Friday, January 17, 2014

Privacy + Mechanism Design course begins today

Today several students will endure the first (3 hour!) lecture in an experimental course I am teaching on privacy and mechanism design. Its a very new area -- whether or not there is enough material to cover a whole semester may depend on how many new theorems are proven during the semester that the course is running. (I already know of the existence of several papers I will want to teach, but haven't read yet since they aren't yet available!)

A secondary goal that I have is to produce a nice set of lecture notes, that will be accessible to people curious about getting into the field. I encourage people to read along, starting with today's Lecture 1. We're starting from basics -- I don't want to assume that readers know anything about either privacy, or mechanism design. In the first lecture, we introduce differential privacy from the perspective of a game theorist, and use it to solve an interesting problem: prior-free revenue maximization in a digital goods auction. Along the way we learn about a useful tool, "The exponential mechanism", that we will encounter again.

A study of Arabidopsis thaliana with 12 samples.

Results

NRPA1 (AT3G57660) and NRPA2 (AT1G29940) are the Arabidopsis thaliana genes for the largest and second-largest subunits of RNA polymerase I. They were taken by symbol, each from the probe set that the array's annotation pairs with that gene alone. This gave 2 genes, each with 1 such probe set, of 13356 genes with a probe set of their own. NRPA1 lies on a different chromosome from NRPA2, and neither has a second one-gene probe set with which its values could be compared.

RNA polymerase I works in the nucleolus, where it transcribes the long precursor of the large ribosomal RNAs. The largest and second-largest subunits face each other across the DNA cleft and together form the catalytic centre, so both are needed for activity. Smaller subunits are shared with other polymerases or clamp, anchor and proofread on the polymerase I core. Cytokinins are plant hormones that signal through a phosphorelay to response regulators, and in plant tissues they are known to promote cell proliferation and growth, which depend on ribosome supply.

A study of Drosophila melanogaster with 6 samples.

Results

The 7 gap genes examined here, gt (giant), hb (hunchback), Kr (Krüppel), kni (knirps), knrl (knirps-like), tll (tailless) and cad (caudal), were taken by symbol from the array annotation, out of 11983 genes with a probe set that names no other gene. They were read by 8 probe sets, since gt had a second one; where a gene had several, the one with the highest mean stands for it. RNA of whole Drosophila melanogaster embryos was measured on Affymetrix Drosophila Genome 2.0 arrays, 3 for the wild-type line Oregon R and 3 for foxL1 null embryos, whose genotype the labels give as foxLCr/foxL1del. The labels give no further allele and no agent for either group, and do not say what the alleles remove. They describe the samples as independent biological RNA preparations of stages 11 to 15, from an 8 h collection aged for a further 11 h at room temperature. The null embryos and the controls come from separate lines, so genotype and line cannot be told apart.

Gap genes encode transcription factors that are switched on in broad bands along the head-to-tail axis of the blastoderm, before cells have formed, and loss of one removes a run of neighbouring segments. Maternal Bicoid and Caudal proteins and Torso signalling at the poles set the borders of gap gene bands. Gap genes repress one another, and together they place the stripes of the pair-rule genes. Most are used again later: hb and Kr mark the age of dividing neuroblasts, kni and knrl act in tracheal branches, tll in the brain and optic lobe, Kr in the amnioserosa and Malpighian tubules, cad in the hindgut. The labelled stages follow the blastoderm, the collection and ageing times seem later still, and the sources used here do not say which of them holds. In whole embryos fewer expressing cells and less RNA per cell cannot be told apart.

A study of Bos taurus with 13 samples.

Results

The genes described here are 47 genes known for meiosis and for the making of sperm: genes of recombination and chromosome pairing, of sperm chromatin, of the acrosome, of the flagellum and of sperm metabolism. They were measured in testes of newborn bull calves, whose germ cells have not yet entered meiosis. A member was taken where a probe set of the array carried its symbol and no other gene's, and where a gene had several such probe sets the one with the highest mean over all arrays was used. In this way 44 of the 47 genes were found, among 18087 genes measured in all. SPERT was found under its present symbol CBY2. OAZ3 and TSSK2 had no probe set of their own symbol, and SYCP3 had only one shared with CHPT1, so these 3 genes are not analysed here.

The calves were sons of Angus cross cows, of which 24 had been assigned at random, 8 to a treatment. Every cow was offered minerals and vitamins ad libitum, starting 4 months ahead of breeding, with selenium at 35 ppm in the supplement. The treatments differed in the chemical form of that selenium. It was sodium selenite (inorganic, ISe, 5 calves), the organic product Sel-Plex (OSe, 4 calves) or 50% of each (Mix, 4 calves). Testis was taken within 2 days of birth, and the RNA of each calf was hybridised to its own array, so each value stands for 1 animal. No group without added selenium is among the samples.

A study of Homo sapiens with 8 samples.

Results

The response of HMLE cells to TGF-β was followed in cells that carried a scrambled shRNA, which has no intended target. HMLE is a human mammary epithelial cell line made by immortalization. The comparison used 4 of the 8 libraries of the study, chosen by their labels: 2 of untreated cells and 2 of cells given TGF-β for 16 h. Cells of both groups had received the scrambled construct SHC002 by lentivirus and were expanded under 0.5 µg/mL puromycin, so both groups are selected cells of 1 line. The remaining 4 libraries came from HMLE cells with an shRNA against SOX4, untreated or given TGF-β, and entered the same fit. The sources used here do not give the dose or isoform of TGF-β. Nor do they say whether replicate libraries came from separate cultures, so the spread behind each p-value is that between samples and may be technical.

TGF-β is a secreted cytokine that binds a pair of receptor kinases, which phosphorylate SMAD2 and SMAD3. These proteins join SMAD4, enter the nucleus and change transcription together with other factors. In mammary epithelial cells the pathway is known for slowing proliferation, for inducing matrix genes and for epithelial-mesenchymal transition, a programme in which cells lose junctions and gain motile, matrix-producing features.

The digital goods auction setting is not only a nice introduction to many of the ideas underlying the privacy/mechanism design connection, it is also historically faithful: all of the results in Lecture 1 are from the seminal paper of McSherry and Talwar which introduced the connection between differential privacy and game theory: Mechanism Design via Differential Privacy.